How to Create Your Own Monarch Butterfly Rest Stop

August 21, 2014By
Click the photo of Lincoln Brower, for a video at National Geographic!

Click the photo of Lincoln Brower, for a video at National Geographic!

 

Habitat loss and the destruction of native plants have been responsible for the rapid decline of the monarch butterfly, the most recognized butterfly in North America. To help protect these majestic insects as they migrate, citizens in the U.S. are resorting to a simple yet powerful tool: gardening. Gardens full of milkweed and nectar plants can serve both as rest stops for adult monarchs and as nurseries for their eggs.

 

Manuscript of the video:

NICOLE HAMILTON, PRESIDENT, LOUDOUN WILDLIFE CONSERVANCY:
I was touched originally when I was just a little kid.  I was seven and The National Geographic came in the mail.  And I remembered my dad opening up those pages and I saw those monarch butterflies and I thought, “Wow!  That’s a magic place.”

That experience of going to the sanctuaries in Mexico was phenomenal.  You realize how small we are in this great migration.  It’s just an amazing connection.

When people realize that this is a species that is iconic for America and to have that slip in our lifetime is just a severe a tragedy.  And more and more people are starting to recognize, you know, that there’s an issue.

LINCOLN BROWER, RESEARCH PROFESSOR OF BIOLOGY, SWEET BRIAR COLLEGE:
The monarch to me is sort of like the canary in the cornfield.  I think this monarch is kind of a warning signal.  The most common butterfly probably in the world, over a period of twenty years, is associated with this rapidly developing agriculture just dropping down to practically nothing.   Over the past 21 years for which we have really good data, the numbers have now dropped down to less than ten percent of what they were.

The very fact that millions of them can aggregate in Mexico, the fact that they can cluster in such numbers, is because they have a chemical defense in their bodies which is derived from the milkweed plants.

NICOLE HAMILTON, PRESIDENT, LOUDOUN WILDLIFE CONSERVANCY:
What we do is we encourage people to plant the milkweed, which will attract the adult butterflies.  And then they will lay the eggs.  Then you can raise them and really just help them reach adulthood.

The monarch caterpillars that I raise and that we encourage people to raise are those that are wild found.  And the reason for that is with the population being so low and essentially so fragile, we don’t want to be buying caterpillars or buying larvae that might have disease.  And the more milkweed and the more nectar plants that we have available, the more monarch butterflies themselves can do what they do naturally and bring back the population.

[NICOLE HAMILTON SOT] “Thank you all for coming today.   All of you coming together today, all of things that you are doing, every milkweed plant that you plant and every nectar plant that you plant really makes a difference.”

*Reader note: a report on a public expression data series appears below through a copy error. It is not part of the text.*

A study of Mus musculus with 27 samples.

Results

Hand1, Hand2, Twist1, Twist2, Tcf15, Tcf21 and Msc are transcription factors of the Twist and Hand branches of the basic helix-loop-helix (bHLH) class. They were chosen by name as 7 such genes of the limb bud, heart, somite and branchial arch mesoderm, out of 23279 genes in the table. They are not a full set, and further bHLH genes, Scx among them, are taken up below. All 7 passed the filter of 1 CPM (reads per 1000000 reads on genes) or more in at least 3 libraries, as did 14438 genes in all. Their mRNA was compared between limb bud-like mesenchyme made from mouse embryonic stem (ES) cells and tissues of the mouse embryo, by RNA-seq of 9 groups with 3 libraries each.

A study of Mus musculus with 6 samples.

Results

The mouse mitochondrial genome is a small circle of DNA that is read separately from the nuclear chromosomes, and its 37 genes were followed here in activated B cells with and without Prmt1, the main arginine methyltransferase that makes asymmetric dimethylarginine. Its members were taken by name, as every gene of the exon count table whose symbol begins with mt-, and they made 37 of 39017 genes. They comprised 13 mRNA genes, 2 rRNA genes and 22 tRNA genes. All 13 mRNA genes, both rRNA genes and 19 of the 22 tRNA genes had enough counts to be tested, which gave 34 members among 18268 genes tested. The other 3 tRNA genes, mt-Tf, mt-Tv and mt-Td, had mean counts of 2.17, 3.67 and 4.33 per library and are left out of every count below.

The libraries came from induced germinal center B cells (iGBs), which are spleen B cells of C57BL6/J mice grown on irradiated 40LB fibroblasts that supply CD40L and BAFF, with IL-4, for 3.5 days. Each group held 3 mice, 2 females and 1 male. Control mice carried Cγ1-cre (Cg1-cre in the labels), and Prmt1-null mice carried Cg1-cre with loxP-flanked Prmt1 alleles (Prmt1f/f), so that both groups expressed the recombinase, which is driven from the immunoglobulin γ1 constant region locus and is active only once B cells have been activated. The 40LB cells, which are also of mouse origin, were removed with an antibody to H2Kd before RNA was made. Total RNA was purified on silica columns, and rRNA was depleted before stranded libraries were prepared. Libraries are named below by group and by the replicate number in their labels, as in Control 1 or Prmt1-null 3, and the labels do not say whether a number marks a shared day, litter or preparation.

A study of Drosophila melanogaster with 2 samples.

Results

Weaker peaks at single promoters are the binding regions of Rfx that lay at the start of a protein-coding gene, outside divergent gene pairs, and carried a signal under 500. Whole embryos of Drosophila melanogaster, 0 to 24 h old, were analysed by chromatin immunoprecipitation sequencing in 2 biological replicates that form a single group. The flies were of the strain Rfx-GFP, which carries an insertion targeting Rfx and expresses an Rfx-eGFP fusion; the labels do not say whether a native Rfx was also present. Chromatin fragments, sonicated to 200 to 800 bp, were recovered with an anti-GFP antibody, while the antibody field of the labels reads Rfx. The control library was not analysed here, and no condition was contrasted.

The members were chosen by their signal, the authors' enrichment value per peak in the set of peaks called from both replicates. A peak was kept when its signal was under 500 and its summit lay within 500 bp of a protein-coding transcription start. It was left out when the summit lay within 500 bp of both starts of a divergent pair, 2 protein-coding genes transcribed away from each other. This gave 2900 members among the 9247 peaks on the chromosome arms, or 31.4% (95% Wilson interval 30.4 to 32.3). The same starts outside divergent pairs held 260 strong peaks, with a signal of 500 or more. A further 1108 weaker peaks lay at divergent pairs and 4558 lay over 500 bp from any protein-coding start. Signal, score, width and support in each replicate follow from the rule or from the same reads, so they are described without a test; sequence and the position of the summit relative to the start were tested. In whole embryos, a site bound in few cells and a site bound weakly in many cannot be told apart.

CHIP TAYLOR, FOUNDER AND DIRECTOR, MONARCH WATCH AT THE UNIVERSITY OF KANSAS:
What we are trying to do is educate the people throughout the country that we’ve lost a lot of habitat and this is the main reason why the monarch butterflies are down.  We’re losing something like a million to two million acres a year throughout the country just due to development and agriculture and a number of other things that destroy natural habitats.  And so, what that means is if we don’t compensate for that much loss every year we’re going to continue to lose ground with pollinators, with ground nesting birds, with monarch butterflies and everything else that shares those habitats.

NICOLE HAMILTON, PRESIDENT, LOUDOUN WILDLIFE CONSERVANCY:
A lot of times people aren’t even comfortable with planting gardens so we wanted to show people how to do a planting, how to properly secure the roots so that it’s touching soil.

CHIP TAYLOR, FOUNDER AND DIRECTOR, MONARCH WATCH AT THE UNIVERSITY OF KANSAS:
We can’t mow everything into oblivion, we can’t herbicide everything into a monoculture.  We really have to maintain the diversity out there because that diversity is the crux, the basis, for all of these ecosystems out there.

LINCOLN BROWER, RESEARCH PROFESSOR OF BIOLOGY, SWEET BRIAR COLLEGE:
I am optimistic.  I think that they can be saved.  And I think the reason they can be saved is because enough people care about them.  Monarchs are very prolific insects.  Each female is able to lay up to 300 eggs.  And if the monarchs can get in three or four generations in a row and have a good summer up here in the breeding range, then they’ll come back.

NICOLE HAMILTON, PRESIDENT, LOUDOUN WILDLIFE CONSERVANCY:
I might just plant my one monarch way station which is just a raindrop.  But then if my neighbor sees it and plants one too, and another neighbor sees it and then we start to grow them, then it becomes something significant.

I feel like the people of my generation are responsible for making sure that everybody looking forward still has that experience and that those monarchs, that great migration, is still happening.